TAMPA — Don't look for new school construction anytime soon in Hillsborough County.
Enrollment is projected to drop again this fall, and five new schools opening in August will be the district's last until at least the fall of 2013, officials said Tuesday.
That lull marks the end of a growth-fueled binge that saw 70 schools built in a dozen years.
"Up until this past school year, we were growing anywhere between 3,000 and 7,000 kids per year," said Cindy Wood, director of planning and related services. "This is uncharted ground for us."
This fall the district expects an enrollment of 188,228 students, down 1,360 from last year and the third straight year of decline.
Overcrowding in some areas means the five schools opening this fall — Strawberry Crest High and Bailey Elementary in eastern Hillsborough County; Stowers Elementary and Barrington Middle to the south; and Steinbrenner High in the northwest — will be put to good use.
But for the next five years, the emphasis will be on upkeep and repair, chief facilities officer Cathy Valdes said Tuesday at a School Board workshop on the district's facilities plan.
Most of the district's capital budget will go toward $241.4 million in major maintenance projects across its 296 schools and other buildings, she said.
The district has also budgeted $52.1 million toward building an elementary school in Tampa Heights by the fall of 2013, and a middle school in south Hillsborough. But it will need at least $199.7 million more to finish those projects and 20 major renovations, including overhauls for Gaither and Bloomingdale high schools, Valdes said.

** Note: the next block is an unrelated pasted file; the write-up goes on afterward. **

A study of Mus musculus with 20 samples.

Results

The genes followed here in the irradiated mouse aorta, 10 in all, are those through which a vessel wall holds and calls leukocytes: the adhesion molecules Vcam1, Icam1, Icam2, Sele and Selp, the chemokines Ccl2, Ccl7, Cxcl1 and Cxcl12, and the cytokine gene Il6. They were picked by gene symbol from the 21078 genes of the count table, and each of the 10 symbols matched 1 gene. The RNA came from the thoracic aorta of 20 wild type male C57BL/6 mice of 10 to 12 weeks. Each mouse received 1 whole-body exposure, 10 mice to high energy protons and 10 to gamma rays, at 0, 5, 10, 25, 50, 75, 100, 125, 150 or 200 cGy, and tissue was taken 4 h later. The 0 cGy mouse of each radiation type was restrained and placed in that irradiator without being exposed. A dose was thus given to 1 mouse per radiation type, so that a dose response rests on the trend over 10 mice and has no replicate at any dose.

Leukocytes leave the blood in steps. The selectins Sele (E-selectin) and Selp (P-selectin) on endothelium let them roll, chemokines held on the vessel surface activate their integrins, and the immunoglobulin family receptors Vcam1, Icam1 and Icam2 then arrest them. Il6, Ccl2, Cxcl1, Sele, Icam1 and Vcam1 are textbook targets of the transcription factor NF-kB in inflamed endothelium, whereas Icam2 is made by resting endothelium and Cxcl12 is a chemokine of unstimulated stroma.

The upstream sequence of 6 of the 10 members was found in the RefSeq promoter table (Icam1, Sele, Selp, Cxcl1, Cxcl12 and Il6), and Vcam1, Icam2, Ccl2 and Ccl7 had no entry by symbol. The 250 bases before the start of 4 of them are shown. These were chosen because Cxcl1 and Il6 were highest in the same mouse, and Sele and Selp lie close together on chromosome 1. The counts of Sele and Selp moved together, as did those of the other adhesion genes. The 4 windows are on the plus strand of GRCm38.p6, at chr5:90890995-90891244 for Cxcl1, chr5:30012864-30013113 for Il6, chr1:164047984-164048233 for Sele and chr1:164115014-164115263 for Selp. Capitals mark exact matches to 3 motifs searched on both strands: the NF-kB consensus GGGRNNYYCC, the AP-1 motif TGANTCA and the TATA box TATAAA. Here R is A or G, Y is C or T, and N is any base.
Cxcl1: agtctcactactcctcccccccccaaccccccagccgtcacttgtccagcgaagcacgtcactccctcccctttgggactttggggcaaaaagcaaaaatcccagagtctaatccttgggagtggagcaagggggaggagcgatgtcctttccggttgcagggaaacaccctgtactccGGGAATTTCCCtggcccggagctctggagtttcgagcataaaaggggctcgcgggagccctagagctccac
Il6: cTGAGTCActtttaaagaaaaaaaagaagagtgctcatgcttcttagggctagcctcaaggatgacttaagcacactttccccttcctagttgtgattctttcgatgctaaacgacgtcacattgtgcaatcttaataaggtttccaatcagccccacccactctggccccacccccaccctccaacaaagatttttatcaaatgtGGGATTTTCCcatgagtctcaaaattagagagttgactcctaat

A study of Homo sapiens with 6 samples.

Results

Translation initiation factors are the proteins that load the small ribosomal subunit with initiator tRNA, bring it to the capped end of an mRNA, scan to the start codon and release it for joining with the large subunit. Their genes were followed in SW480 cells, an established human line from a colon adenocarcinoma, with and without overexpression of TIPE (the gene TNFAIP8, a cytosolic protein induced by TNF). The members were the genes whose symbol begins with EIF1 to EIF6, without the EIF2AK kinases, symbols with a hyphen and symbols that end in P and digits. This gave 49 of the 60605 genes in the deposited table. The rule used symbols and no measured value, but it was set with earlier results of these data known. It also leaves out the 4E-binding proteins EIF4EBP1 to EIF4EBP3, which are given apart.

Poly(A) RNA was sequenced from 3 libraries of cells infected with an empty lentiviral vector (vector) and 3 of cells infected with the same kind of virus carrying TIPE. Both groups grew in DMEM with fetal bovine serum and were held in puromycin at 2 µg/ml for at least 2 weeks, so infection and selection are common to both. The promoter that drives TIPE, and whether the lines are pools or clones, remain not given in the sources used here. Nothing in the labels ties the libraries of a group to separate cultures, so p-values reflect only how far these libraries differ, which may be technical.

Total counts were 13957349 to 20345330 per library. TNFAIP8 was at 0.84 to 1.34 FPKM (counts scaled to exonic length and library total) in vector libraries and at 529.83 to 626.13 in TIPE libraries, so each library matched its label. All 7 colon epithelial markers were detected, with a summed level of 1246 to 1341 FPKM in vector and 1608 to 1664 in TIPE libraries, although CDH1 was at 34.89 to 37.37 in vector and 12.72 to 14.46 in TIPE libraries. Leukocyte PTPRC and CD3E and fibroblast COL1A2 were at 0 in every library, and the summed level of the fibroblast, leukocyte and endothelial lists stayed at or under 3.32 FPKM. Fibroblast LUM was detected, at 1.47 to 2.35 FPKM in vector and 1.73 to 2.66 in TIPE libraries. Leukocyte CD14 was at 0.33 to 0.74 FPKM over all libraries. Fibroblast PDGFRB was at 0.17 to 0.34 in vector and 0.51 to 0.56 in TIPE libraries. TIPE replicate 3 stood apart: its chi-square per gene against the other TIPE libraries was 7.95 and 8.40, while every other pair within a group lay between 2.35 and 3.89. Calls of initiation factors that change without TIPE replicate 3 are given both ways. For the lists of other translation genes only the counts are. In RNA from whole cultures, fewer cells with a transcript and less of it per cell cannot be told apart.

Enrollment, and the state funding that goes with it, is projected to begin creeping up in the fall of 2010. But the district is taking that with a grain of salt.
"They do so much with historical data, and you've got to throw all that out," Valdes said, referring to the state's methodology. "The current year is all you can count on, and you can only count on it as long as the state funds you."
The enrollment picture has been even grimmer in Pinellas County, which has closed eight elementary and three middle schools over the last two years.
Hillsborough board members said they have been shocked at declines in a county where, for years, everything was headed up.
"There are a lot of people who are moving out of their houses and moving into less expensive parts of town," said member April Griffin, referring to foreclosures and the economic downturn. "I haven't seen that for years, that many people moving out of Tampa."